What Are the Differences Between Daffodils, Narcissus, and Jonquils?
The sunny yellow flowers of daffodils are a welcome sight after a long winter, especially in areas of the country where deer are a problem. Deer don’t eat them because they are poisonous.
In some parts of the country, daffodils are called jonquils. Bulb catalogs often refer to large cup varieties as daffodils and the rest as narcissus. And then there are usually a couple of pages of jonquils. Confused yet?
A daffodil by any other name . . .
Let’s see if we can sort this out. No matter what they are called by gardeners, all daffodils, narcissus and jonquils are members of the Narcissi family. Within that family there are 12 groups of flowers:
- Large Cup
- Small Cup
- Split Corona
- Other Cultivars
Trumpet vs Large Cup
Most of us are familiar with trumpet daffodils such as the classic yellow King Alfred and the heirloom white Mount Hood. Aren’t large cup the same as trumpet? Actually, no. A daffodil is considered a trumpet if it has a single flower on each stem and if the length of the corona (“trumpet”) is as long as or longer than the perianth (surrounding petals). To be considered a large cup daffodil, it has to have a single flower on each stem with the corona shorter than the perianth but at least one third as large.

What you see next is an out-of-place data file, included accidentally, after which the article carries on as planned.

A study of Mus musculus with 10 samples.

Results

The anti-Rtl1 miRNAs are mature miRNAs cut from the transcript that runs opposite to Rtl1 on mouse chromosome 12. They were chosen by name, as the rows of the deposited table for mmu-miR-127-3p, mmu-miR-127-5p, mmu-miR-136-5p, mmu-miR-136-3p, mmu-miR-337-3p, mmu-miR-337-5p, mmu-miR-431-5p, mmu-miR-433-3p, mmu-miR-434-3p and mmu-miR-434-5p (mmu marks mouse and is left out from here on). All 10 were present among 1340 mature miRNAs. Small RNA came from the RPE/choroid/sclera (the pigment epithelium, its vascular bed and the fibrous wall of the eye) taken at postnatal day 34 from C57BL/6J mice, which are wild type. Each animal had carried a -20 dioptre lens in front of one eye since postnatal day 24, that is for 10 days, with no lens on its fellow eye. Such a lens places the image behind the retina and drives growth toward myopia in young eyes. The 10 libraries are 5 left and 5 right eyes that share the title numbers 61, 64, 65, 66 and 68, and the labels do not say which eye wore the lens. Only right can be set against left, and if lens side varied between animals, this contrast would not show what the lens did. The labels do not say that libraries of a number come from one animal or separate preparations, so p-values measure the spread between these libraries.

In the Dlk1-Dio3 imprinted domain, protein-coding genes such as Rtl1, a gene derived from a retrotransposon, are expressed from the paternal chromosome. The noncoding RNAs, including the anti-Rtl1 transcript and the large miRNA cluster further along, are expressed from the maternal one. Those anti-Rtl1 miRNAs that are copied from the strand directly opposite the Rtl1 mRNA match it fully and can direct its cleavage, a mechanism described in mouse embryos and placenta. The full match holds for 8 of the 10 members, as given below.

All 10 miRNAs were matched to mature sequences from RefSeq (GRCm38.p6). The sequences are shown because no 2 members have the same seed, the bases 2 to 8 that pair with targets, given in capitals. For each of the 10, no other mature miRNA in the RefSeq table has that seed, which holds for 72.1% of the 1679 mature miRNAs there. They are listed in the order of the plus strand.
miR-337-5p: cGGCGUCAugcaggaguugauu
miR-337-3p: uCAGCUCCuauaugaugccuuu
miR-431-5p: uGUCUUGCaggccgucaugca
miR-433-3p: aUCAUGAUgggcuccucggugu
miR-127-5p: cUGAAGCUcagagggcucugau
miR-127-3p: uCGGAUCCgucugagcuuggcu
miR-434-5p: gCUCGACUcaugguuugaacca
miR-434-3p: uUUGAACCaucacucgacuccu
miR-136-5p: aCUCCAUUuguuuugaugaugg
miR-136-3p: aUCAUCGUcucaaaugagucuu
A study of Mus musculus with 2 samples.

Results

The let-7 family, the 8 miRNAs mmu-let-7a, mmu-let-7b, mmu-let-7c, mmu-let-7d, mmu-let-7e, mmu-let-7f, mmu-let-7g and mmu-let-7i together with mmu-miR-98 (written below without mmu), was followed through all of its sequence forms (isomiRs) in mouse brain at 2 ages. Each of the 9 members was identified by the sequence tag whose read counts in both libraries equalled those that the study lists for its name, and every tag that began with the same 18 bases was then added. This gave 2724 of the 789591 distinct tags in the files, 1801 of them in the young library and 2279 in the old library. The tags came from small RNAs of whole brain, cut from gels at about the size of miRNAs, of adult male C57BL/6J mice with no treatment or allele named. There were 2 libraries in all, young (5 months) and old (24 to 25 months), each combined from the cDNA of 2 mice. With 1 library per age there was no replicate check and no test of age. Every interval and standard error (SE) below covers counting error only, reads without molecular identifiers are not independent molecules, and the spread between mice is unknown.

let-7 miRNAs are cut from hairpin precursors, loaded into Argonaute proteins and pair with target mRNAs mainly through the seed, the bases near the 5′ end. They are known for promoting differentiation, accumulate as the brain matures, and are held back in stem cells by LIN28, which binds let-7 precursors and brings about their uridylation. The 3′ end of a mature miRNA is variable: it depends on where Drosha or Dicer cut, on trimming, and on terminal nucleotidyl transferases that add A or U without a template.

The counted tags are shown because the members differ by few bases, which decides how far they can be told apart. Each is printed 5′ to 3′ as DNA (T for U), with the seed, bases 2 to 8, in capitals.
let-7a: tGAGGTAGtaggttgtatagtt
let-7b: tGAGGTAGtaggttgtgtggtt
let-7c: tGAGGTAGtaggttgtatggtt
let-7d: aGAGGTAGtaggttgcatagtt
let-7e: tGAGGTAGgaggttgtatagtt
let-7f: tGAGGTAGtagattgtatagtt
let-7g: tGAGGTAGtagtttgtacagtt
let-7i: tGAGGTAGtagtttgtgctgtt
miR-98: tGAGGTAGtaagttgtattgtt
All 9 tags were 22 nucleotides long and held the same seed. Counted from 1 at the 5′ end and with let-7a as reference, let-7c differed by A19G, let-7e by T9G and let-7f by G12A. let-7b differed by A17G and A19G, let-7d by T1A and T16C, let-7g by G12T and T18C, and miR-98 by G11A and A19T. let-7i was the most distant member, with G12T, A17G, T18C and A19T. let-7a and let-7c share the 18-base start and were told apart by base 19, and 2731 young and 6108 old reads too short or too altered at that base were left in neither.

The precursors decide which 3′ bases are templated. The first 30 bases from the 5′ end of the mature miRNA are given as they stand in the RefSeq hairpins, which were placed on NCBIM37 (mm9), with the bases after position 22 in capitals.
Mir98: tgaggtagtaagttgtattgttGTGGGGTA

Small cup vs Poeticus
Small cup daffodils have single flowers and coronas that are shorter than one third the length of the perianth. Poeticus daffodils are my favorite. They have single flowers and the corona is only a tiny disc usually with a red rim.
Double daffodils are pretty self-explanatory. The corona or the perianth or sometimes both, are double giving them the appearance of peonies or roses.
Not often seen, triandrus daffodils have two or more flowers per stem. The coronas point downwards while the surrounding perianth are “reflexed”, meaning that they are bent away from the corona.
Cyclamineus daffodils are similar to Triandrus but they only have a single flower per stem. They have the same downwards facing coronas and reflexed perianth.
Finally, we get to the jonquils. Jonquils usually have one to five flowers per stem and short coronas. Look at where they are joined to the stem. It is almost a ninety degree angle from the stem to the flower.
If you have ever forced bulbs indoors, then you are familiar with Tazetta daffodils. The most common variety used in forcing are called Paperwhite Narcissus. They have multiple flowers per stem, anywhere from three to twenty and they are very, very fragrant.
These are very tiny plants, only 6 to 8 inches tall. The leaves look like grass. The flowers are also unusual. Instead of being shaped like a trumpet, the coronas are flared. The perianth are just almost non-existent, just a few spike-y petals.
Personally, I think that these are ugly. They look like their coronas have exploded. The coronas don’t look like “normal” trumpets, more like individual petals.
This is a catch-all category that includes any daffodils that don’t fit into the other categories such as Tete-a-Tete, a miniature daffodil.
I hope that this very brief overview of a large family of flowers will be helpful to you when choosing daffodils for your spring garden. Try a few of the unusual ones and see how you like them. If you are like me and forget over the winter what you have planted, you will find exciting surprises as spring progresses. Only the deer will be disappointed.